In Texas, tens of thousands of people are jailed each year for failure to pay tickets, fines and court costs. Many of the people jailed simply did not have the money to pay, despite the fact that it’s unconstitutional to jail a person for failure to pay fines that they are unable to pay. Courts routinely fail to ask about defendants’ ability to pay fines or costs, or to offer them alternative sentences like community service to resolve the amount that they owe. Texas Appleseed is working to ensure that low-income people are treated fairly in courts across the state and that the justice people receive in Texas courts does not depend on how much money they have.
- Policies to Mitigate Harm of COVID-19 in Texas County Jails & Criminal Legal System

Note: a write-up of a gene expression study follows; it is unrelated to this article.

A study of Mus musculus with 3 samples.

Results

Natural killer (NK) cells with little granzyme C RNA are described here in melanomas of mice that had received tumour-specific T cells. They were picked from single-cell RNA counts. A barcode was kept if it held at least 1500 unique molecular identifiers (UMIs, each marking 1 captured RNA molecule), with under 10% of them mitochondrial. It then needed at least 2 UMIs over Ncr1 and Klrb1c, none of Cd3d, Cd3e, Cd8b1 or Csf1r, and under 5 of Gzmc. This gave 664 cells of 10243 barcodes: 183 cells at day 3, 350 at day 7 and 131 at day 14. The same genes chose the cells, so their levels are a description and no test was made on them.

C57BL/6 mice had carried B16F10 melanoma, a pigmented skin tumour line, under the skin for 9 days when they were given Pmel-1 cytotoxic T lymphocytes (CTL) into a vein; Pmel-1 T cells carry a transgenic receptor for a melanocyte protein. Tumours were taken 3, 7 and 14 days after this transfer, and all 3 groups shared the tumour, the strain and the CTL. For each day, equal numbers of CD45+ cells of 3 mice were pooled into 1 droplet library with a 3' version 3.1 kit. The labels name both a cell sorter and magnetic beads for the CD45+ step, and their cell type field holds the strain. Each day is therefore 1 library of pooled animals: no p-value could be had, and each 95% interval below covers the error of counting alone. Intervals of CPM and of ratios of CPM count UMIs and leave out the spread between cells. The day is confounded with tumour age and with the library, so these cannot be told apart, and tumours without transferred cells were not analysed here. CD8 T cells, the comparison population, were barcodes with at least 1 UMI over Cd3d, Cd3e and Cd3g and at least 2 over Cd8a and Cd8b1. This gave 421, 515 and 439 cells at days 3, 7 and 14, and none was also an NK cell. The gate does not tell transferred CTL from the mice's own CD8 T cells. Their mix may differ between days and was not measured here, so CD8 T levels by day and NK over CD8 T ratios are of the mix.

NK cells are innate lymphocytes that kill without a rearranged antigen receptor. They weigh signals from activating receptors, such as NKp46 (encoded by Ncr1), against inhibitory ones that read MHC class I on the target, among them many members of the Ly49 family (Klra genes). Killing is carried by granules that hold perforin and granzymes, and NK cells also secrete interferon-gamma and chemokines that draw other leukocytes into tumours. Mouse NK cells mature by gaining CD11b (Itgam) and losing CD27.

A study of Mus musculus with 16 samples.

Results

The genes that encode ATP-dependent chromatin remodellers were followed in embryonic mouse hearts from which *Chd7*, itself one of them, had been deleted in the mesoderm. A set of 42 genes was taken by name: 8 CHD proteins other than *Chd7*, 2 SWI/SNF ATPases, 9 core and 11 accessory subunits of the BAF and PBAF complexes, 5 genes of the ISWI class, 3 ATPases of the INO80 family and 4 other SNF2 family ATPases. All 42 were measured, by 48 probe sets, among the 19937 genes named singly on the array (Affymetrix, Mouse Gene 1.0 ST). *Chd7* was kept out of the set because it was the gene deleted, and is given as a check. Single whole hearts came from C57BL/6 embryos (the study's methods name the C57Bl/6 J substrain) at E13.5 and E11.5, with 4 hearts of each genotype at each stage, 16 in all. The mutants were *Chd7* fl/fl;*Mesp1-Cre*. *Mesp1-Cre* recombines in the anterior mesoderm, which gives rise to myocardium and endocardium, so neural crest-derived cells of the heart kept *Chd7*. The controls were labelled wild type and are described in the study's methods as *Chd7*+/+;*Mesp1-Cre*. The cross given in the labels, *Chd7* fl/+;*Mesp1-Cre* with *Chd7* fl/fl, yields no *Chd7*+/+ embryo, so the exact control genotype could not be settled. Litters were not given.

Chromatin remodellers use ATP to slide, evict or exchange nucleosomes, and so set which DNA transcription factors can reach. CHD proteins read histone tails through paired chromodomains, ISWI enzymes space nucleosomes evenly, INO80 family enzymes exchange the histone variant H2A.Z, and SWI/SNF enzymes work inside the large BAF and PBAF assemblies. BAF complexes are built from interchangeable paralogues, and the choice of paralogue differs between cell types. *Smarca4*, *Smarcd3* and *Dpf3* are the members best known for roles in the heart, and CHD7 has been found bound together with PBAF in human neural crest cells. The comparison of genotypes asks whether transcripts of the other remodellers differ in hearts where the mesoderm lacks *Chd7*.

- Overall Coronavirus Resource Page
- Gov. Abbott Signs SB 1913 (Sen. Judith Zaffirini) and HB 351 (Rep. Terry Canales) Into Law - The nearly identical bills are designed to help Texans resolve tickets without destroying their livelihoods, through alternatives such as payment plans, fee waivers, and community service. The laws went into effect September 1, 2017.
- Pay or Stay - Texas Appleseed and the Texas Fair Defense Project release Pay or Stay: The High Cost of Jailing Texans for Fines and Fees, revealing how tens of thousands of Texans are spending time in jail for non-jailable offenses. Also view the press release here.
- Know Your Rights Resource - Texas Appleseed has collaborated with Texas Rio Grande Legal Aid (TRLA) to publish a resource for those facing potential jail time for traffic tickets & low level violations.